It’s a question I ponder often, because obviously I’m a raging misandrist. But Naomi Alderman has done so much more than ponder in her latest novel, The Power, which I cannot stop thinking about.
This. Book. Is. So. Fucking. Clever.
I sat in silence for several long minutes after closing the last page. Unsure of what just happened to me. Because boy did it happen. It was an experience.
And to think – I didn’t want to read it! It’s not the sort of thing I’d ever pick up. I don’t really read “magic” stuff (I’m not sure what genre this would fall into. Science fiction, maybe?)
But my good friends at Volume recommended it for the Rebel Girl Reads book challenge, and my flatmate Michelle loved it. So I thought I needed to at least try.
It’s been a long time since I’ve read a book that I felt addicted to. That I wanted to devour, and at the same time preserve, because each page was precious and could never again be read for the first time. I was desperate to finish it, and at the same time I couldn’t stand the thought of it ending.
I don’t like the overused term “page-turner” or the, even worse, nongrammatical “unputdownable,” and yet here I am, stuttering through clichés.
This book is the antidote to a lot the nonfiction I’ve been reading recently, which has been basically an endless march of domestic violence statistics, discussions of rape culture, and necessary but difficult analysis of the world’s treatment of women.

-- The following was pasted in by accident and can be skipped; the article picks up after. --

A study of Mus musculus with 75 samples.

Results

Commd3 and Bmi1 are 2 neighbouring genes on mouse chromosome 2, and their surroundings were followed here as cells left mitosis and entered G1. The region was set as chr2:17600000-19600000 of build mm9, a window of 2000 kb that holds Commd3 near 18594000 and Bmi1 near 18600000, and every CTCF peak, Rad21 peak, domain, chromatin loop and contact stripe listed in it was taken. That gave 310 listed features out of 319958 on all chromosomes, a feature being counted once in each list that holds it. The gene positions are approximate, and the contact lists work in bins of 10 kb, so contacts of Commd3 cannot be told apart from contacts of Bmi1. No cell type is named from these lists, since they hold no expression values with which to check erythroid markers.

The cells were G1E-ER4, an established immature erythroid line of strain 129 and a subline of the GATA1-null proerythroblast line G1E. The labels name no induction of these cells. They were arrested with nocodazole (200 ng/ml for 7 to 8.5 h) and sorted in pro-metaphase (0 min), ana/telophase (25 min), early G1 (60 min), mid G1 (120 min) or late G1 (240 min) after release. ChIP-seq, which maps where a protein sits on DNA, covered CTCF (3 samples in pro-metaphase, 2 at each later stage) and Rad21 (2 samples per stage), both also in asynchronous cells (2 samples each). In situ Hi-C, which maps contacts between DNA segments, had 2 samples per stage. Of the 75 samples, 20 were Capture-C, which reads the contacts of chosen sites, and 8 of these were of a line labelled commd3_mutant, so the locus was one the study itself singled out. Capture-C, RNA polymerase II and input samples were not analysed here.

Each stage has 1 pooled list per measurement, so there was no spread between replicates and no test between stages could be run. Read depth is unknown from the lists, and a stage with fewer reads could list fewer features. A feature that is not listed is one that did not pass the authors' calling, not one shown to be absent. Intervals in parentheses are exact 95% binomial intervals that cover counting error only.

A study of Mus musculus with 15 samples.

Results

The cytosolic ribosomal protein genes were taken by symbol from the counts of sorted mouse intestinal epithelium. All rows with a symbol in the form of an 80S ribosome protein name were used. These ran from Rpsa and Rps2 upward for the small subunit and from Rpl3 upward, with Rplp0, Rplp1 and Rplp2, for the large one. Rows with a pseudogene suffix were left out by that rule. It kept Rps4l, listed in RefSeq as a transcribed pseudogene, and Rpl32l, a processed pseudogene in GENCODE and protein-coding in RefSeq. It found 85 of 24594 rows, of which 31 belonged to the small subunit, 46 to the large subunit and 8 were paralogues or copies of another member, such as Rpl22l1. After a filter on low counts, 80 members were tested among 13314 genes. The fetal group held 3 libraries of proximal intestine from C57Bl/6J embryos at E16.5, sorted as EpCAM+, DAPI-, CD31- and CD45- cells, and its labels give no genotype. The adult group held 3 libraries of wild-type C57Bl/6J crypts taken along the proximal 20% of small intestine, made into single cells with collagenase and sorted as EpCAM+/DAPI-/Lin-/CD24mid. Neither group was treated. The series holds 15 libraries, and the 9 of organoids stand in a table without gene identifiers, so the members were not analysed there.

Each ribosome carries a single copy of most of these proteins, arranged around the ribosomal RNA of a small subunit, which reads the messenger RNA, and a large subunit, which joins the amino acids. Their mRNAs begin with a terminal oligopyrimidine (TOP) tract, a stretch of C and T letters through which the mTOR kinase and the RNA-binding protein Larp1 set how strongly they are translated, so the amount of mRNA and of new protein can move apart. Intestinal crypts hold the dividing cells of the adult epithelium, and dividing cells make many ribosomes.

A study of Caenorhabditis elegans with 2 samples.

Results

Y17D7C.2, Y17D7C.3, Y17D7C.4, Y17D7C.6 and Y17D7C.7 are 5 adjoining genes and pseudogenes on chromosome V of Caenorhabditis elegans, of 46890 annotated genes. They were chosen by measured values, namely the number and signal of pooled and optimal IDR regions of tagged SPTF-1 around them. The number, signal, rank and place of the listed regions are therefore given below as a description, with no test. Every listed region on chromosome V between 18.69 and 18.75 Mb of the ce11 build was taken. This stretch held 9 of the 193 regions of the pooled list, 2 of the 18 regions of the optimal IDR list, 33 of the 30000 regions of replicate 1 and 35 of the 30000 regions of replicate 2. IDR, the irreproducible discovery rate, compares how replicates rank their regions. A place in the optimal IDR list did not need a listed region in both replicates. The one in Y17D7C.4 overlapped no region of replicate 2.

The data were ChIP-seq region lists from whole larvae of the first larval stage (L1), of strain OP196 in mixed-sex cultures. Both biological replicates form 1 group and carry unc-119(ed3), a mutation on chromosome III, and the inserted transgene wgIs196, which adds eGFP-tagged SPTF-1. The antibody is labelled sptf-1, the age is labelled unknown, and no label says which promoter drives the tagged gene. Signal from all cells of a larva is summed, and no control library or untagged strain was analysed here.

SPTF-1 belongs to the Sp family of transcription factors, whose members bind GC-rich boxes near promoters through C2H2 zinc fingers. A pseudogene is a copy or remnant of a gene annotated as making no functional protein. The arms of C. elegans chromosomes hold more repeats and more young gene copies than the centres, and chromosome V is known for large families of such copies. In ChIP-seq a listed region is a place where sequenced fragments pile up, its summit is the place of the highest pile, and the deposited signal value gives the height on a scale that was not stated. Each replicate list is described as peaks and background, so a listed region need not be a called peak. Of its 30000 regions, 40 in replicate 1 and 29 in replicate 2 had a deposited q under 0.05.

If any book at all were to reconvince me of the vital role fiction plays in both private and public discourse, it would be this one. I think it can be easy to forget that “fiction” isn’t a synonym for “just for fun.” It does something. It means something. Sometimes it can accomplish things nonfiction can’t, simply because it can gain access to spaces nonfiction doesn’t. I know a lot of people who wouldn’t read anything to do with feminism – but they’d read this, which is undeniably a feminist text.
There’s not a lot further I can say without spoiling the story. The basic premise is this: women develop a power. A strong, physical power that men do not have. The book is set 5,000 years from now, but looking back – so the events are based today. Naomi Alderman answers the question – what would happen if women did develop such a power? How would the world respond? What would change? Even more interestingly, what would stay the same?
Alderman has clearly done a lot of research and a lot of thinking and there’s parts of the story that are very challenging (TW for rape scenes), but all of it is utterly believable. I was transported. And I didn’t really want to come back.
Naomi Alderman has accomplished something truly unique and immeasurable. I am empowered for having been part of it.